The trauma of privilege
I have been in the center of the swirl of awareness about the unintended consequences of affluence and privilege on our children. I meet these youngsters and their families when crisis penetrates the denial system and they arrive at Beit T’Shuvah, the recovery community I founded 30 years ago. I have listened to their baffled, bewildered parents who “gave them everything” only to have it thrown in their faces. I coined the family dynamic: “I hate you; send money.” At Beit T’Shuvah, we have been essentially “re-parenting” these children of all ages, allowing them to experience “all the disadvantages of success,” in the words of Larry Ellison.
A recent study by Proceedings of the National Academy of Sciences finds a direct correlation between parents who overvalue their children and children who are narcissistic. Researchers found that while parental warmth was associated with high self-esteem in kids, that parental over-evaluation was not. Or as Madeline Levine put it: “Praise is not warmth pumped in; self-esteem is not self-efficacy.” I have heard from many recovering addicts that when they feel undeserving, praise exacerbates their self-loathing and sense of fraudulence.
I have read most of the developing literature on the effects of over-parenting, helicoptering, indulging our offspring, resulting in entitled, depressed, addicted and, most recently, narcissistic kids. Their despair manifests in a wide range of self-destructive behaviors: drugs; alcohol; food (stuffing or starving); self-mutilation (cutting, piercing); Internet addictions to gaming, chatting and pornography. The more passive expressions of hopelessness and lack of purpose are the “failures to launch” — those who never leave or return to the “nest,” sleeping away the days, refusing to grow up.
These are not just symptoms of narcissism. After more than 30 years of observation, I argue that these children have been traumatized. They suffer from what I call “the trauma of privilege.”
The benefit of viewing this condition through the trauma lens rather than the personality disorder lens is that the latter is static, the former infinitely reparable. The label narcissistic personality brands you for life; trauma views adaptive behavior as a learned way of being that can be unlearned. The wounded, fractured self can be repaired in a community that offers emotional, physical and spiritual healing through exposure to multiple emotionally corrective experiences for privileged families trapped in the cycle of Either/Or-ness, fear of inadequacy and the never-ending pursuit of perfection.
Seen through the trauma lens, these narcissistic characteristics are the result of primary attachment disorder and parental mis-attunement. The parents need to produce a “perfect” child, wherein the child’s successes are a reflection of the parents’ worth. This creates in the child a sense of being a commodity — “valuable but not valued.” They alternate between grandiosity and self-loathing or depression, unable to integrate self and self image. They live in a paradigm of Either/Or: I am either No. 1 or a total loser. Their “self” is fragmented, divided, at war. They keep asking themselves the wrong question: Which is the real me?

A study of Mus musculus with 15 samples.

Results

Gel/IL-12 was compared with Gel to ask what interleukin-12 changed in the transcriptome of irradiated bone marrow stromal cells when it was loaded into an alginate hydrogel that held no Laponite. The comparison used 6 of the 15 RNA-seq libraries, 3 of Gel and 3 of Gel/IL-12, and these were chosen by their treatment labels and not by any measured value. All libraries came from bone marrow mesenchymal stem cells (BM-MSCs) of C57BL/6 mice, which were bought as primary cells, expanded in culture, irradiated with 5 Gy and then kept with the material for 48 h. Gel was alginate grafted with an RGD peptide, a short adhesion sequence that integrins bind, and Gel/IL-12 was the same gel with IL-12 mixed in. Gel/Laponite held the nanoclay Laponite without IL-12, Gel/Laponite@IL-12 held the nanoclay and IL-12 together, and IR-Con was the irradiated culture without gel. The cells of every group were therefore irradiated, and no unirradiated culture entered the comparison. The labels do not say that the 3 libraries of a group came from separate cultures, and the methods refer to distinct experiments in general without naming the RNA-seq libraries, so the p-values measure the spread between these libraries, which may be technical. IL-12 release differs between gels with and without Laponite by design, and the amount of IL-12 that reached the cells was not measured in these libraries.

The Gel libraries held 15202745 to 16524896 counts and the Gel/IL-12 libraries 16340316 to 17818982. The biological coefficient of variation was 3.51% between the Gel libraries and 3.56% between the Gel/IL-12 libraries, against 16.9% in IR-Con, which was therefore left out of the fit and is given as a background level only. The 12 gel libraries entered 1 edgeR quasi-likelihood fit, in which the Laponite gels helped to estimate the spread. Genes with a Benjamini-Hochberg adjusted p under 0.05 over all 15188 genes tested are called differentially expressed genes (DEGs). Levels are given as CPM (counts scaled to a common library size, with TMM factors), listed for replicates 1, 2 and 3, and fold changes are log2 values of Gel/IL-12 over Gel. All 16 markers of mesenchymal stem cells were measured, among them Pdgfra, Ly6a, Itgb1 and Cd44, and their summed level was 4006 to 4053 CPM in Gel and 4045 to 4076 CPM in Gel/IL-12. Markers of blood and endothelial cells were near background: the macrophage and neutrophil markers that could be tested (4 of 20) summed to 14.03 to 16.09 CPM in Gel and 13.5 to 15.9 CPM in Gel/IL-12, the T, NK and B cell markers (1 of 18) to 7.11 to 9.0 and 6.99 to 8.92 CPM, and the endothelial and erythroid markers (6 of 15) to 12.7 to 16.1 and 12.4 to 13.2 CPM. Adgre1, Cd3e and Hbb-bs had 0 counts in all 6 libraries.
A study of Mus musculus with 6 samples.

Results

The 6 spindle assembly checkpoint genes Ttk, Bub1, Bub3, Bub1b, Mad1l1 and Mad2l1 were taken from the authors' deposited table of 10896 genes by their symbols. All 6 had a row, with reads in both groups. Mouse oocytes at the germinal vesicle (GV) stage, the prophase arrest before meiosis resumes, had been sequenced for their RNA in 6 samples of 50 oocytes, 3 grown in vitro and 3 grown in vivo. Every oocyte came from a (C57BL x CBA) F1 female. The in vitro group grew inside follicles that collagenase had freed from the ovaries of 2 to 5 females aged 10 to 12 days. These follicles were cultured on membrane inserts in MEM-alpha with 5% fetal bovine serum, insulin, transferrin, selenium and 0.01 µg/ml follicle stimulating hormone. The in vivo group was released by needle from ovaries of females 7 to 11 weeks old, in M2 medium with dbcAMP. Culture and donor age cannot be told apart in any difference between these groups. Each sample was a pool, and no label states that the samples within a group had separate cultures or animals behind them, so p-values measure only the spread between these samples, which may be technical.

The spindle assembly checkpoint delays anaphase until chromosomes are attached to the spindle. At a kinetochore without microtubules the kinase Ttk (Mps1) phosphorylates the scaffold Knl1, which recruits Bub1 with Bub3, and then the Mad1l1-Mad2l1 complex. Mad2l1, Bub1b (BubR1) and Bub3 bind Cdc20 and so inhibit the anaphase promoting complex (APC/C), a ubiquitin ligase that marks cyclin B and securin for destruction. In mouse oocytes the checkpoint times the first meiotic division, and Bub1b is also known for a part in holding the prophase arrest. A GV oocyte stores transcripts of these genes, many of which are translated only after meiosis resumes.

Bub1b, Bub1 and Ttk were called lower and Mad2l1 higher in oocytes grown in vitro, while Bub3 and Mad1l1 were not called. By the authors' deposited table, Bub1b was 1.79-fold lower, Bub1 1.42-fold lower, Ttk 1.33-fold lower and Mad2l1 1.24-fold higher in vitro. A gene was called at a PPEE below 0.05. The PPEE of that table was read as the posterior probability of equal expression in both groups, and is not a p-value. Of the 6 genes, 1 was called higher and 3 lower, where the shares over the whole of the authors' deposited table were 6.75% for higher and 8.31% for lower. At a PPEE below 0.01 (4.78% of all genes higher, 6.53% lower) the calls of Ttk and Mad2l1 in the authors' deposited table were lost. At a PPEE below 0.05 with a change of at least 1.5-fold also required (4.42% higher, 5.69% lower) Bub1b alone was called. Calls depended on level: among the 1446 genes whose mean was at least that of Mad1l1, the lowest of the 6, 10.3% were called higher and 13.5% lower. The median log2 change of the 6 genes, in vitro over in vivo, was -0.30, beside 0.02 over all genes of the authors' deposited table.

Healing the fractured self begins with the answer: “They are both the real me.” This leap from Either/Or to Both/And begins to repair the trauma of Either/Or parenting. Through this lens, parents over-value and/or overpraise their children because they, too, are fractured. Their fears, anxieties and insecurities about themselves render them incapable of reflecting wholeness back to their child. Parents who have zero tolerance for their child’s imperfections; who can’t tolerate their child’s sadness, rage, fears, unhappiness; who can’t be present and nonjudgmental with their child’s inconsistent and contradictory states of being; who can mirror only the praiseworthy aspects of the child, create narcissism — the quintessential split.
This is why we treat this condition as a trauma, which can be repaired. We teach them how to fail forward, to accept their defects and imperfections, to live within limits, accept the discomfort of not getting what they want, to tolerate rejection and disappointment, and to take the right action no matter what they feel. We help them to “recover their passion and discover their purpose.”
Their challenge is learning how to integrate their opposing and contradictory selves, a necessary prelude to the development of integrity. After a considerable amount of time and attention, many of them come to life. They launch. These traumatized young men and women begin to take responsibility for their successes and failures. Their parents learn how to say no and stop defining themselves by their children’s successes or failures.
It is not only children of privilege who are failing, it is their parents. Those fighting so hard to keep them from harm are causing the most damage. Parenting needs a wake-up call, and children must be allowed to fail before they forget how to value true success and become victims of the trauma of privilege.
Harriet Rossetto is the founder and executive vice president of Beit T’Shuvah, a residential treatment center and educational institution in West Los Angeles. On May 20, she spoke at the White House Office of National Drug Control Policy to discuss Beit T’Shuvah’s innovative approach to recovery treatment.